Be warned, though: this won’t be for everyone

Jacob Stolworthy
Friday 03 February 2023 10:32 GMT
Skinamarink trailer

Horror fans have a new contender for “scariest film ever” on their hands.

Each new year sees the release of a bunch of buzzy new titles hoping to be met with acclaim and approval from fans of the genre.

In the last five years, films that generated word-of-mouth excitement ahead of being unveiled included Ari Aster’s Hereditary, Dashcam in 2021 and, last year, Terrifier 2.

Now, you can add Skinamarink to that list.

The film, an independent release from Canadian director Kyle Edward Ball that cost just $15,000 (£12,000) to make, is currently making waves on the horror scene. It’s now available to stream on Shudder.

To fully explain the plot of Skinamarink would be to spoil its surprises. All you need to know is that it follows two young children, played by Lucas Paul and Kaylee Dali Rose Tetreault, who wake up in the middle of the night to discover their father is no longer home.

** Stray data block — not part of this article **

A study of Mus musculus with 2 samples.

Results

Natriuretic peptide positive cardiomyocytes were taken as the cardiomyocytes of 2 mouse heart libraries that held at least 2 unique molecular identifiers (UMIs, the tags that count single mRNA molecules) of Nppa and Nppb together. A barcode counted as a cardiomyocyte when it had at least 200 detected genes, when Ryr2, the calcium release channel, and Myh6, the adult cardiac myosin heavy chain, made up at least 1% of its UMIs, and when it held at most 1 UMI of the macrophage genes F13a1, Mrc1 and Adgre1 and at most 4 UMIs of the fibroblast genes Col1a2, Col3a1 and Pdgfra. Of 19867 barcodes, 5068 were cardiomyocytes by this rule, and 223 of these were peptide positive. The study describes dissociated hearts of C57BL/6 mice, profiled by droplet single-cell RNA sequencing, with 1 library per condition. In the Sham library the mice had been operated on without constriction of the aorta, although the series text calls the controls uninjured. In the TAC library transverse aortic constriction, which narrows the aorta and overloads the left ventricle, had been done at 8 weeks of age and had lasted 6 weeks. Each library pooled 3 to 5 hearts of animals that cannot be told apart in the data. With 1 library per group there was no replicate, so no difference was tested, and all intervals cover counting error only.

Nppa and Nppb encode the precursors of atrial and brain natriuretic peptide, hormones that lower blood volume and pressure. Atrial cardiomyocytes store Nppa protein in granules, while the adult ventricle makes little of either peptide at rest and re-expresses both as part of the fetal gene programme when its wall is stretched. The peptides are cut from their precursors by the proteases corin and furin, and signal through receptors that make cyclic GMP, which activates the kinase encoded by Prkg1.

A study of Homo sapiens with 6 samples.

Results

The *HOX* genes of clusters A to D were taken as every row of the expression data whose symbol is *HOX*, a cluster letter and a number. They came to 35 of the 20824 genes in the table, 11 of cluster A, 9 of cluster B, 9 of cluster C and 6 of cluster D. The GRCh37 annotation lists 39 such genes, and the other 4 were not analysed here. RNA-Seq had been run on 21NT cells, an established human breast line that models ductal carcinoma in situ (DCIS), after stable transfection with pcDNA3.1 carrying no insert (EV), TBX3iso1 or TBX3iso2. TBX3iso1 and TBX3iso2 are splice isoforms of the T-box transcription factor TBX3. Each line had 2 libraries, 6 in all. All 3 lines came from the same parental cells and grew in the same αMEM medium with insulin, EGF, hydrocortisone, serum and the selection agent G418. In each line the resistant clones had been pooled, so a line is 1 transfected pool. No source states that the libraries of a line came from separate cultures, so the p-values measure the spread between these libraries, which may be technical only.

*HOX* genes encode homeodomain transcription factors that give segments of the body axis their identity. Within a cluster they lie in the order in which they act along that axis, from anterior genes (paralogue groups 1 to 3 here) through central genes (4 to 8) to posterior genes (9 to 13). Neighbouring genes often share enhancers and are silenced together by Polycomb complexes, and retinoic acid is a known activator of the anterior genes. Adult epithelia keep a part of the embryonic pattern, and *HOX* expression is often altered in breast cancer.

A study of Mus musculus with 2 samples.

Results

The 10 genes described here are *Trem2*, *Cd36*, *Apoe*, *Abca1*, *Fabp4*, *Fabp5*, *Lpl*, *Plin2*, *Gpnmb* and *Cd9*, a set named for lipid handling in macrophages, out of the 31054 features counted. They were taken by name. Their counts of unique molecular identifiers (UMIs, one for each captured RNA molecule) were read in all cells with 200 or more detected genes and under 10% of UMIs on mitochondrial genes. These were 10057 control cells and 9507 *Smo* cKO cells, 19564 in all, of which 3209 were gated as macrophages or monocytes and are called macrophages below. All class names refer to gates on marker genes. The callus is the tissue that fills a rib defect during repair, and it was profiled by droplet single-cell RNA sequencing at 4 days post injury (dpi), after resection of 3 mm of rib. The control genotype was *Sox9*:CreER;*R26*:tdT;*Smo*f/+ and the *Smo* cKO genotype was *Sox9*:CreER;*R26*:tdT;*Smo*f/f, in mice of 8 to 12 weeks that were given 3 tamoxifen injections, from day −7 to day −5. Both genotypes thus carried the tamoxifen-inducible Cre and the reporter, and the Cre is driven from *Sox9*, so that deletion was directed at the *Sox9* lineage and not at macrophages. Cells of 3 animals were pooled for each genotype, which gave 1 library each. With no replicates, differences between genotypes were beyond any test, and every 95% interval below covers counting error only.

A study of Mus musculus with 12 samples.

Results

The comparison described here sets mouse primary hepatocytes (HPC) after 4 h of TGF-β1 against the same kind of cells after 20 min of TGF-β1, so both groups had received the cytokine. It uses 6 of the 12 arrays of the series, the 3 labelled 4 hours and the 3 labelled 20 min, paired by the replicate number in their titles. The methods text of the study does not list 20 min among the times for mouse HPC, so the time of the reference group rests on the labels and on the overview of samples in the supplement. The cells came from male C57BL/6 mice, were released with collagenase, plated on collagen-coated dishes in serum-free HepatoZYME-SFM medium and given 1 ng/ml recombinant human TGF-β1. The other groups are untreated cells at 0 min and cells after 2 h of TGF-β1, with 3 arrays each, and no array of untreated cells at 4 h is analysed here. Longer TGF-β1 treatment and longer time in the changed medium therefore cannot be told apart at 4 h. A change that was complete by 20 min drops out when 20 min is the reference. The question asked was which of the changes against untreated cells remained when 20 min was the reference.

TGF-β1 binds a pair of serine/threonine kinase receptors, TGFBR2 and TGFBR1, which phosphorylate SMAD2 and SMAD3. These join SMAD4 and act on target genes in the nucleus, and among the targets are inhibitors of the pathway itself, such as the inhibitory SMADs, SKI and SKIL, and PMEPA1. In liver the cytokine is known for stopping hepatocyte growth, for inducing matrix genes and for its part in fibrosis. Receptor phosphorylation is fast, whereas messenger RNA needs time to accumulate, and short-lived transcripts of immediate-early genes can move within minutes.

The slow-paced film, which has drawn comparisons to surrealist David Lynch classic Eraserhead, feels like a waking nightmare, with the director’s experimental treatment of the material adding to this.

Due to the atmosphere of dread it creates, reviews are calling Skinamarink “the scariest film of all time”.

One such review came from Inverse, who also described it as “easily the most sinister and downright malevolent story put to film in a long time”.

Variety said there is “an ominous entity at work” in the film, adding: “What happens in Skinamarink sneaks up on you so quietly that you aren’t just scared; you believe.”

‘Skinamarink’ will polarise fans of conventional horror (Shudder)

However, those wanting a straightforward horror experience should be warned: this film is as experimental as they come, and does not offer narrative conclusion in the conventional sense.

Bloody Disgusting hinted at this, writing that while it’ll “instil unnerving terror” into some viewers, “others will find it too impenetrable to engage”.

Skinamarink is available to stream on Shudder.